Northern Australian temperature outlook

Issued 22 May 2013

Warmer season more likely for north coasts

Text details of chance of warmer maximum and minimum temperatures


  • Warmer days are more likely over much of the Top End, and Cape York Peninsula, with cooler days more likely over the southern NT and southern Queensland
  • Warmer nights are more likely over the northern NT, and northern Queensland
  • Climate influences include a warmer than normal eastern Indian Ocean, a neutral tropical Pacific, and warmer than average sea surface temperatures around northern Australia
  • Skill for maximum temperatures is moderate over northern Australia, with minimum temperature skill moderate over most of northern Australia.
Probability of exceeding median maximum temperature, large image Probability of exceeding median minimum temperature, large image


There’s a greater than 60% chance of the June to August maximum temperature exceeding the long-term median maximum temperature over the Top End and the Cape York Peninsula (see map above). Probabilities exceed 80% over far north Cape York Peninsula and the Torres Straight. Such odds mean that for every ten years with similar climate patterns to those currently observed, about six to eight years would be expected to be warmer than average over these areas, while about two to four years would be cooler.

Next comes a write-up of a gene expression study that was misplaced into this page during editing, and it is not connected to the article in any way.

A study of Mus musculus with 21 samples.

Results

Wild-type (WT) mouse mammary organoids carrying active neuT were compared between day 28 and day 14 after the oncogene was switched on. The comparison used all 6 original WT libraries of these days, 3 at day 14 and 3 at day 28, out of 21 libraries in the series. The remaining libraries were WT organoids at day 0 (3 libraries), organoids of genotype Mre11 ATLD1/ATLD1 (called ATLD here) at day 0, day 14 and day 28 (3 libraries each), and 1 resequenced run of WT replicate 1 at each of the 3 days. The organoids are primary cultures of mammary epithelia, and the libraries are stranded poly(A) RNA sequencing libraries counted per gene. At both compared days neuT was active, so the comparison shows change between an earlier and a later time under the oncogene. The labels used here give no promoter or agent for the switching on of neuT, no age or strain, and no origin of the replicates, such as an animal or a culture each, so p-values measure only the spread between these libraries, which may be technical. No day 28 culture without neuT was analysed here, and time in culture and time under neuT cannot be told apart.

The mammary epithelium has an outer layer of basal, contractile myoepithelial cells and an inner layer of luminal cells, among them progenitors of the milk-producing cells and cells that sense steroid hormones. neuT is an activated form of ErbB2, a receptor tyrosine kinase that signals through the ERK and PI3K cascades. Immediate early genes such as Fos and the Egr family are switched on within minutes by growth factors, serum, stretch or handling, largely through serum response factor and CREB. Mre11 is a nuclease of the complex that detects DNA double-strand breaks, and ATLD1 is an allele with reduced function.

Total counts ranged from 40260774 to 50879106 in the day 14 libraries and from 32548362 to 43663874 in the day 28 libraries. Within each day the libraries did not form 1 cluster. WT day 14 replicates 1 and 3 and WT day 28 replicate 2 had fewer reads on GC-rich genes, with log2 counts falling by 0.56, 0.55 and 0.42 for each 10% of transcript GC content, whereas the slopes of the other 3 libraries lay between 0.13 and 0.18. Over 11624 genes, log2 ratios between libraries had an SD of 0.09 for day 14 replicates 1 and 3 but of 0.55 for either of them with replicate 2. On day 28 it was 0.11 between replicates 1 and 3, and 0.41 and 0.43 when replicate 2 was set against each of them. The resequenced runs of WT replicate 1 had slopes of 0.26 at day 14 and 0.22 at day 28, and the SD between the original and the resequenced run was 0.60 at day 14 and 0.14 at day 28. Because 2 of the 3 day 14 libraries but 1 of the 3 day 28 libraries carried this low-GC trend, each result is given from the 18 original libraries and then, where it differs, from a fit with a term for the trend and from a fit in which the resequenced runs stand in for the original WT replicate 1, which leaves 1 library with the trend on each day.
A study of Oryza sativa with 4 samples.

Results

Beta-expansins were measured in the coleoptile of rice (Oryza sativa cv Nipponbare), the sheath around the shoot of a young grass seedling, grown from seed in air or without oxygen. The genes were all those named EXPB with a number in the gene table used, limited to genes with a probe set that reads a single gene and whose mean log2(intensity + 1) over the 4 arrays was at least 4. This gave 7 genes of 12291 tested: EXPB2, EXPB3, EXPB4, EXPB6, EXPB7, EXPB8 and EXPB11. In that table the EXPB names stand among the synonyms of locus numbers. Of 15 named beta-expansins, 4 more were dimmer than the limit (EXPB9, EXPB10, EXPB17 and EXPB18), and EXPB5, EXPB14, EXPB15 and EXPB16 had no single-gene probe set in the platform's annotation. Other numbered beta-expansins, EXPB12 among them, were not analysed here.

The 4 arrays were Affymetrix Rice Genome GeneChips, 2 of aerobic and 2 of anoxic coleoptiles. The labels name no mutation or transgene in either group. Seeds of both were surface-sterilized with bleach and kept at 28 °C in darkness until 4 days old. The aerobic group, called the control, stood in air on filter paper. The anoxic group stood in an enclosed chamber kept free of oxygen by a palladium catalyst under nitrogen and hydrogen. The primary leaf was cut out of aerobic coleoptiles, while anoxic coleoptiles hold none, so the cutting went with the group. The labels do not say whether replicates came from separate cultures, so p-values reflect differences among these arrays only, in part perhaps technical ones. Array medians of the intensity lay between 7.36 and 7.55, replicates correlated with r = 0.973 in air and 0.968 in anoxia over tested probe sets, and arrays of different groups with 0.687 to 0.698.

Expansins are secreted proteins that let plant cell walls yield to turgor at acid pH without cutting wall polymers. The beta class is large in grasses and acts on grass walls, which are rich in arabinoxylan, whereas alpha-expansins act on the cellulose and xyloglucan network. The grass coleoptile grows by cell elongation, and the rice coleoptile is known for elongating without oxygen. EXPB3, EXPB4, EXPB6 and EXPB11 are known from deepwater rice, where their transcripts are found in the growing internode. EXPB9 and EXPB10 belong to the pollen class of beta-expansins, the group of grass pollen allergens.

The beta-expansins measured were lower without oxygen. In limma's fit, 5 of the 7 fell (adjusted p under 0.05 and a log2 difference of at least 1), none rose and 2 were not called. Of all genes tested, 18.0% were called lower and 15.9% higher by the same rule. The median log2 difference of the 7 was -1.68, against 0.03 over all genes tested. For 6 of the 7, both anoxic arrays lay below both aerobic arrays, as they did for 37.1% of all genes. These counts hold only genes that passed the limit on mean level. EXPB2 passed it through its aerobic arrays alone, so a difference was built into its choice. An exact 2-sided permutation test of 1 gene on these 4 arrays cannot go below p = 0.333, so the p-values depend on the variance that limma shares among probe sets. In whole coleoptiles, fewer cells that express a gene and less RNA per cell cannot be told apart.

Conversely, there is a 35 to 40% chance of warmer than normal days over the southern NT and southern Queensland. In other words, there is a 60 to 65% chance of cooler than normal days over this area.

The chance that the average minimum temperature for June to August will exceed the long-term median minimum temperature is in excess of 60% over the northern NT, and the Cape York Peninsula.

Over the rest of north-eastern Australia, the chances of warmer or cooler night-time temperatures are roughly equal.

Climate influences

The tropical Pacific has remained ENSO-neutral since mid-2012. Climate models surveyed by the Bureau of Meteorology suggest sea surface temperatures in the tropical Pacific Ocean are likely to sit on the cool side of neutral during the next few months.

Four of five international models surveyed by the Bureau favour the development of a negative Indian Ocean Dipole (IOD) event sometime later in 2013. A negative IOD during the dry season increases the chances of above normal humidity levels and rainfall (and thus cloud amount) over central and northern Australia. Increased cloudiness reduces sunshine hours, and hence daytime temperatures, as well as acting as a blanket during the night, keeping night-time temperatures higher than average.

Warmer than normal ocean surface temperatures currently surround northern Australia. These warm ocean temperatures will influence air temperatures in tropical coastal areas the most.

How accurate is the outlook?

Outlook confidence is related to how consistently the oceans and broadscale climate affect northern Australian temperatures. During June to August, model accuracy shows the outlook for maximum temperatures to be moderately consistent over northern Australia.

The effect on minimum temperatures during this season is moderately consistent over most of northern Australia, except for near the NSW-Queensland border, and the northern NT, where the effect is weakly consistent.


Service notice

Network problems on 8 January disrupted processing of observations, affecting some climate information. Missing data are being retrieved and will be processed into our systems over coming weeks.